A Chinese chip maker has asked all of its U.S. employees in key technical positions to leave as the company struggles to comply with new U.S. export controls, according to a new report.
The move by Yangtze Memory Technologies Co. (YMTC) follows Apple’s decision to end plans to use its memory chips, following Washington’s imposition of tighter export controls.
A person close to the matter told The Financial Times that asking employees to resign was “necessary for the company and the right move also for employees’ personal risk.”
It remains unclear how many US citizens and green card holders would be forced to leave. People close to the company told The Times that several employees had already left the country.
The Commerce Department, which has been consulting with close allies and partners on its surveillance efforts, said the updates are part of ongoing efforts to protect U.S. national security and foreign policy interests.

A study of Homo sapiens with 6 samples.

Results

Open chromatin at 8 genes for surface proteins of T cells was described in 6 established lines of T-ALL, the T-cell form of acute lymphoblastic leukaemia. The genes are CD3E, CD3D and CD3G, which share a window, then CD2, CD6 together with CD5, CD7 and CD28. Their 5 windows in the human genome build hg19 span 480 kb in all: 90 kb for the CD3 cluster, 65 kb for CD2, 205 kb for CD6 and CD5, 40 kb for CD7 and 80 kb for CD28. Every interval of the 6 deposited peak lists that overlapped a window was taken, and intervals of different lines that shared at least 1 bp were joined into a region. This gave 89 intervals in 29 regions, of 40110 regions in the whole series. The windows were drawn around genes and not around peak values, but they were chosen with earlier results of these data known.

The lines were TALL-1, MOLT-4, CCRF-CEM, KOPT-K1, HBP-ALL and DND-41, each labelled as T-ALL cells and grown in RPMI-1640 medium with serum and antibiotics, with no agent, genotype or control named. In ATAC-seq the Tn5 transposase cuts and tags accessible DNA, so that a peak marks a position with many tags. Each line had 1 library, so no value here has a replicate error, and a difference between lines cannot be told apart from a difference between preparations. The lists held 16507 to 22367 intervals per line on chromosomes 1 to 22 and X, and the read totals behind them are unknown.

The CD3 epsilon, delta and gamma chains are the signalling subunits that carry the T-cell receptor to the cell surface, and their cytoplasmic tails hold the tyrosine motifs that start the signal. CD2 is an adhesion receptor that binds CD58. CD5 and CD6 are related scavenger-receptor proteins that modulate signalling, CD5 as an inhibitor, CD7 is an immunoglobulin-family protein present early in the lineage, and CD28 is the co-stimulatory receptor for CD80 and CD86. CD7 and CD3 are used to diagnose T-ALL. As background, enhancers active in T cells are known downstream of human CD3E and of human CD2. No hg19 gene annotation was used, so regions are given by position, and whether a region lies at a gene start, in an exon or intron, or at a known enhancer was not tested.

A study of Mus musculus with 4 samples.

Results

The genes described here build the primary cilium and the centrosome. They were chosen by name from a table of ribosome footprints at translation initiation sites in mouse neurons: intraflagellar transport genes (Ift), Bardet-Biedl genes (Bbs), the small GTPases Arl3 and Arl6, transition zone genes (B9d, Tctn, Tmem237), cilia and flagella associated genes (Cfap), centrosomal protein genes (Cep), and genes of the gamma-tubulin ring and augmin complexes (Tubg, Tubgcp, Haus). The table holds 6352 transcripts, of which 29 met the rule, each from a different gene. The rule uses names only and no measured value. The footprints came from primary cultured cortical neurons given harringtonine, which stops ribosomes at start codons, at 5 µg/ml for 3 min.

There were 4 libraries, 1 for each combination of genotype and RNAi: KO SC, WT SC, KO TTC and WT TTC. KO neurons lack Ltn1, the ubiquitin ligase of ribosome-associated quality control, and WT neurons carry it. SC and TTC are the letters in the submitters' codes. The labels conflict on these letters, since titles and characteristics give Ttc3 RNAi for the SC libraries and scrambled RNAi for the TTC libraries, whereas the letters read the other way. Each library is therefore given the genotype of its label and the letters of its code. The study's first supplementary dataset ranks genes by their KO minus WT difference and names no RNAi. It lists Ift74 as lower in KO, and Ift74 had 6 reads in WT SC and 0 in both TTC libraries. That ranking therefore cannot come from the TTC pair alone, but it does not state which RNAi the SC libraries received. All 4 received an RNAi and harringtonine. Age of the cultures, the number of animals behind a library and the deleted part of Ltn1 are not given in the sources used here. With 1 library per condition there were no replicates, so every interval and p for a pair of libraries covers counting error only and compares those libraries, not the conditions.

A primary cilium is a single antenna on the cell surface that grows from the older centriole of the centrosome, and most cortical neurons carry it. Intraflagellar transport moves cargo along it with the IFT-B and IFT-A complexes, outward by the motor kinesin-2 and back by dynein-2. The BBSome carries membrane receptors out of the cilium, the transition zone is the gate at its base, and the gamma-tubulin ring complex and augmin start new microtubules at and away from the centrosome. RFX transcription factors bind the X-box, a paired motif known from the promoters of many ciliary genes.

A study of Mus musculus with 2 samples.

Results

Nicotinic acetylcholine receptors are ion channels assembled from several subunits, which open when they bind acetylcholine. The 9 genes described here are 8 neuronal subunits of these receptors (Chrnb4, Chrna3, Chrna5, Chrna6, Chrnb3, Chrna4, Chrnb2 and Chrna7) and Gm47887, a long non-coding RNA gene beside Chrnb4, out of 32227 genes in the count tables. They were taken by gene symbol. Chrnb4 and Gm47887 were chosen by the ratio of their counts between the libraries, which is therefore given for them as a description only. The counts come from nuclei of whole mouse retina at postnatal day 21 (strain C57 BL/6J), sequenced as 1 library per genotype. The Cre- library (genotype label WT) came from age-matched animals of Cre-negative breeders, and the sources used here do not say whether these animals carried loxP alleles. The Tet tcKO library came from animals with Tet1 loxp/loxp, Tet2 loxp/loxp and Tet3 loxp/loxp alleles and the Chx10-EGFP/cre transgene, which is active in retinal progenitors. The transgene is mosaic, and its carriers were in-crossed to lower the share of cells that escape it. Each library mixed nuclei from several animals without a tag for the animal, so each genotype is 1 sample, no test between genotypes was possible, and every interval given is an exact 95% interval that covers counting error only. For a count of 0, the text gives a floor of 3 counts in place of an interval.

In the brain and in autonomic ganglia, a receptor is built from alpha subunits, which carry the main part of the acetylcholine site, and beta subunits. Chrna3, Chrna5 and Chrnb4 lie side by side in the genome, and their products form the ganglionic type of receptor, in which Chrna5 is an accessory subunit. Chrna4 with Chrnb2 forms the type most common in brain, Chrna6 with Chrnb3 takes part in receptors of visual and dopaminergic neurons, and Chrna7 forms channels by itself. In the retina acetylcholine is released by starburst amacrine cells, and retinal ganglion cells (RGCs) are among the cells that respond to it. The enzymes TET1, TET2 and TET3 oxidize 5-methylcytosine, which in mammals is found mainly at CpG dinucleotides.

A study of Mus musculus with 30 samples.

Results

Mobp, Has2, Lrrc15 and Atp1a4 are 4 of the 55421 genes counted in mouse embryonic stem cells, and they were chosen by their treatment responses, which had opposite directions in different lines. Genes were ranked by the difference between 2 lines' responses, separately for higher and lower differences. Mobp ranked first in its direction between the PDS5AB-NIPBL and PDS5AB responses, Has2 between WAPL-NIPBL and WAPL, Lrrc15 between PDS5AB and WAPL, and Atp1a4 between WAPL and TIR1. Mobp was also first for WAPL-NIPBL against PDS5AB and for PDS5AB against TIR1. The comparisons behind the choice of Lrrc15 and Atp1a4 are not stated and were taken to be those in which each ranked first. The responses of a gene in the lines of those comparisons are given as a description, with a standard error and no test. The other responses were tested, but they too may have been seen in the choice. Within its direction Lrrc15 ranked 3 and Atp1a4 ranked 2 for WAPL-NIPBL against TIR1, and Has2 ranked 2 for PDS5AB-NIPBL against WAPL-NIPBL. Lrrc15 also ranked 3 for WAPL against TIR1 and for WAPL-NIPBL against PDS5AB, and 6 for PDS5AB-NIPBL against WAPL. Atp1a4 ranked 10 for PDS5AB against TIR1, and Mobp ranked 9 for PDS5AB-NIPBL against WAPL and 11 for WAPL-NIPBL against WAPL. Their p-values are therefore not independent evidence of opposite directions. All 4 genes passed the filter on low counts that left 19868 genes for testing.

“The threat environment is always changing, and we are updating our policies today to ensure that we address the challenges presented by (China) as we continue our outreach and coordination with allies and partners,” Under Secretary of Commerce for Industry and Security. Alan Estevez said in a statement.
Tensions are rising between the US and China over technology and security. Last month the Chinese government called on Washington to lift its technology export restrictions after California-based chip designer Nvidia said a new product might be delayed and some work might be moved out of China.
The Associated Press contributed to this report.